Is your snowblower refusing to throw snow? This tutorial will be your guide for How To Troubleshoot A Clogged Snowblower.
A single stage snowblower can be prone to clog when snow gets packed in the housing. As the auger spins around, a layer of snow could be slipping between the paddles and causing the housing to clog up. Here are a few tips to prevent your snowblower from getting clogged.
Over Worn Parts
This is the number one reason why single stage snowblowers get clogged. The condition of your snowblowers scraper blades, rubber paddles, and belts directly translate to its performance of throwing snow.
A snowblowers augers operates with a tight clearance between the paddles and the housing. The small gap ensures the snow is scooped and thrown out of the chute efficiently.
As paddles wear down, the gap gets bigger and makes it to where more snow is getting into the housing, and not going out the chute. Some paddles have a wear marker to make it easier for someone to tell if the paddles are wearing down or not.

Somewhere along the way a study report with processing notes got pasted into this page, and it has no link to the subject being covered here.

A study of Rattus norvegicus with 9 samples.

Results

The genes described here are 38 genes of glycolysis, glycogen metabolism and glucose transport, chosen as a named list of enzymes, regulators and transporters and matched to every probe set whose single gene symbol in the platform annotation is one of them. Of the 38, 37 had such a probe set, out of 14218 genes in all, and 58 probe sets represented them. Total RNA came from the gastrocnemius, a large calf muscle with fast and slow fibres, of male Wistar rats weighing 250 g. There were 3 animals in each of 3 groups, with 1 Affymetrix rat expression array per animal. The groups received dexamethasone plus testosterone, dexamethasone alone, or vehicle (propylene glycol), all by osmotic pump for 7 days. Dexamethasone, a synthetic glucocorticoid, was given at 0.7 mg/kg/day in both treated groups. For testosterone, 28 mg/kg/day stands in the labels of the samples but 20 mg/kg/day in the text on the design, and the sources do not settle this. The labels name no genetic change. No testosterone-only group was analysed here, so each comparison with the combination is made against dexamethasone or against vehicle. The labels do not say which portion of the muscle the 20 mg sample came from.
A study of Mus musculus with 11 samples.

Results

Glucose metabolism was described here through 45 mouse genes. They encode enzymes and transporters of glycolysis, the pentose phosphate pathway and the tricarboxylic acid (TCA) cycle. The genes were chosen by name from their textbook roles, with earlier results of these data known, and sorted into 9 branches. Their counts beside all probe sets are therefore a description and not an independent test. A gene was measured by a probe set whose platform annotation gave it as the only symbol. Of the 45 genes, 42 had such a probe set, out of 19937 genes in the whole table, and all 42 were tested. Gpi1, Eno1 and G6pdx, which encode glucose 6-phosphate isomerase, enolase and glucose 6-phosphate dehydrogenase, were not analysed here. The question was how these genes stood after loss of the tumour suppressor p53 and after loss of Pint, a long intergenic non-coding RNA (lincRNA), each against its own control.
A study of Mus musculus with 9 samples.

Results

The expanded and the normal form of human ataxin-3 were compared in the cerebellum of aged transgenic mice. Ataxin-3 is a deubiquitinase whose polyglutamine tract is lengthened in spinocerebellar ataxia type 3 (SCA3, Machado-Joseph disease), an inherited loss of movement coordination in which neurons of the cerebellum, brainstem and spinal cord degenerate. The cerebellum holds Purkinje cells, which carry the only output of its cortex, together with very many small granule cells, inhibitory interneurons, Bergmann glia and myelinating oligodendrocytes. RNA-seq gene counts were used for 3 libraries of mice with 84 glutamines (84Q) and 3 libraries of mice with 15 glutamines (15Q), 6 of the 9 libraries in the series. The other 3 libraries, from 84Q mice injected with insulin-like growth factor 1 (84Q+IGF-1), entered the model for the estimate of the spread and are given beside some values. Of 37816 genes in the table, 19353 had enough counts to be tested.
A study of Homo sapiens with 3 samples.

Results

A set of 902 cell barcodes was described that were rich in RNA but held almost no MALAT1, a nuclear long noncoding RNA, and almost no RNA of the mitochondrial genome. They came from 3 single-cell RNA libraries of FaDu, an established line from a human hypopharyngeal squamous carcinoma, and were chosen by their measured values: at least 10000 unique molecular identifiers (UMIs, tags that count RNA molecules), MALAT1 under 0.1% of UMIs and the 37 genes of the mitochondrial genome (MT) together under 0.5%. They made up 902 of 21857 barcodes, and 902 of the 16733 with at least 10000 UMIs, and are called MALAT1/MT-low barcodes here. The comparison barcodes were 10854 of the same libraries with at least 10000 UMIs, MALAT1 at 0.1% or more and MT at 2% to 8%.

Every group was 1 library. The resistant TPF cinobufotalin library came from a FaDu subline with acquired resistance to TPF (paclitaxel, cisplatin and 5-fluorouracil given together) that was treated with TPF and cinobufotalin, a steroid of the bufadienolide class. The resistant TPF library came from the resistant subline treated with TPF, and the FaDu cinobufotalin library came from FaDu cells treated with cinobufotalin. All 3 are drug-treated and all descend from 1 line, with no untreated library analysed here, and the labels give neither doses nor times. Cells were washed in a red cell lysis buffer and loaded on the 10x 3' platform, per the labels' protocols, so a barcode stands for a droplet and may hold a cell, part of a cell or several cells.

The scraper blade forms a protective edge where the underside of the snowblower housing meets the ground. It helps shovel snow off the ground and up into the auger. A worn or missing scraper blade will increase the clearance between the auger and the housing and make clogging more likely to happen. It can also create a coarser pass over the ground and leave more un-thrown snow behind.
All snowblowers have a maximum capacity that should NOT be exceeded or the snowblower may strain. A good tip is to check the forecast and see how much snowfall is expected within the night or week. If the forecast is calling for more snow than what your snowblower is capable of doing, is you can do multiple passes during the storm, if possible.
In general, single stage snowblowers operate best when there is about 6 inches of snow on the ground. For a larger and denser accumulation, look into using a two-stage model.